Why do most SMEs struggle or fail?
In the last 2 years we’ve seen a high rise in new businesses being established. The pandemic was an eye-opening moment for many people as they had to either find a new job or start their own business. However, the last two years have also been the years that go down to the history books as years of businesses closing their doors.
But, why do most businesses fail in their first 3 years? And why do many SMEs stop growing suddenly? These are some eternal questions that are being asked all the time. Did you know that Apple went almost bankrupt before re-hiring Steve Jobs in 1997. First thing he asked was “What business do we need to be in?”
According to CBInsights, 42% fail because there’s no demand for the product or service in the market. 29% of businesses ran out of
cash, 23% weren’t able to assemble a proper team. What was surprising about the results was that 14% of businesses ignored completely customers’ needs and also didn’t understand what marketing is. In 19% of the failures, they were outperformed by
competition. 13% failed because of internal conflicts and loss of focus.
How can you develop your thriving business?
As depressing as the statistics may look, you can still develop your thriving business and be one of the trailblazers in your industry. There’s a simple, yet very powerful formula to achieve your targets and claim your place with the big players.
Write a proper business plan and keep it up to date. Many SMEs think that once they’ve written their business plan, they don’t need to have a review of it anymore. As time goes by, market requirements change, business climate changes, there are new tools that can be leveraged. The only constant is change. You have to adapt, adopt, develop and communicate.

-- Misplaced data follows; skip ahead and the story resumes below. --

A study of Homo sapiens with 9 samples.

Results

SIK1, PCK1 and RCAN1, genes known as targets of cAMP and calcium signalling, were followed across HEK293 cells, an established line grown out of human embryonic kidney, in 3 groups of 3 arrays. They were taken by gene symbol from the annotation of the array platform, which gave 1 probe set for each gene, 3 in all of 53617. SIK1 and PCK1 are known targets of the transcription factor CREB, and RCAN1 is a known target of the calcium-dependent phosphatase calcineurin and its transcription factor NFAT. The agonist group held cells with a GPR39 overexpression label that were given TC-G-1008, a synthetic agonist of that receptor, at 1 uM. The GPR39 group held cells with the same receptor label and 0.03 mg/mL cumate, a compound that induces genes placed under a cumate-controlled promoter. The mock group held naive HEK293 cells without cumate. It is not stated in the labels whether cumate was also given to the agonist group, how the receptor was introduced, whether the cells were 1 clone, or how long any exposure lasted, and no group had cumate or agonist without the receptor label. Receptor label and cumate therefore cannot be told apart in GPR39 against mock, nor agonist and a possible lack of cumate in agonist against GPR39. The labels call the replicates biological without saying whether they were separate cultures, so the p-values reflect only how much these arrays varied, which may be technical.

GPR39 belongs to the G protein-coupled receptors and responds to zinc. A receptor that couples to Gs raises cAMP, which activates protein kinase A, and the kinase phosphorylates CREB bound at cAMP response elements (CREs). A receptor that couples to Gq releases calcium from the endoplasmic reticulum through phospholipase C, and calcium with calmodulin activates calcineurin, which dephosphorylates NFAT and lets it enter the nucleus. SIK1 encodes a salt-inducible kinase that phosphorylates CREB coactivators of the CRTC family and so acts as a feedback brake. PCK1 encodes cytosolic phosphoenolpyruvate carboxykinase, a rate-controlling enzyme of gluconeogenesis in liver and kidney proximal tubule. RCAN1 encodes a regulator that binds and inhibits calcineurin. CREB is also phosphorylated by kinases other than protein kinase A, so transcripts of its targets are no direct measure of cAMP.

Ensure your finances are up to date. Your business needs to keep track on finances all the time. Cashflow, expenditure to mention few. Have a financial audit regularly to see where you’re able to make changes to be more cost-effective. If you need financing, look into grants, venture capital, angel investment, crowdfunding and private equity for example.
Invest in your team. Your business performs only at the level your team performs. Support, on boarding, training and collaboration along with effective communication are vital for your team’s performance.
Validate your product or service. A common stepping stone for SMEs and start-ups is not validating the product or service. You need to listen to your target market to know if there’s demand. Before launching you can also reach out to your network and ask their opinion. Why? Because when you get your ideal clients involved, they are also more likely to buy from you as they feel they are listened to.
Know what’s going on. You need to keep your eyes and ears open if you don’t want to fall behind and be out-performed by your competition. Always educate yourself and your team on what is going on in your industry.
One for all and all for one. Communication, support, collaboration and exchange of knowledge and experience is vital for any business. According to a study conducted in the United States of America, companies leave up to 60+M USD on the table due to poor communication. When there are conflicts and other issues withing the company, the performance suffers and so does the customer experience as your staff takes care of your business and they are the brand ambassadors of your business.
Focus. Rome wasn’t built in a day. Many businesses think that they can achieve their goals in no time but the fact is that it takes time to position yourself and get results. You need to understand who you’re serving. If you try serving many different audiences you end up wasting time and money as you shout to the woods. Give your full attention to what you originally set up to provide instead of trying to be everywhere and help everyone.
In the end it all boils down to communication, being disciplined, developing yourself and your team and collaborating. What would you add?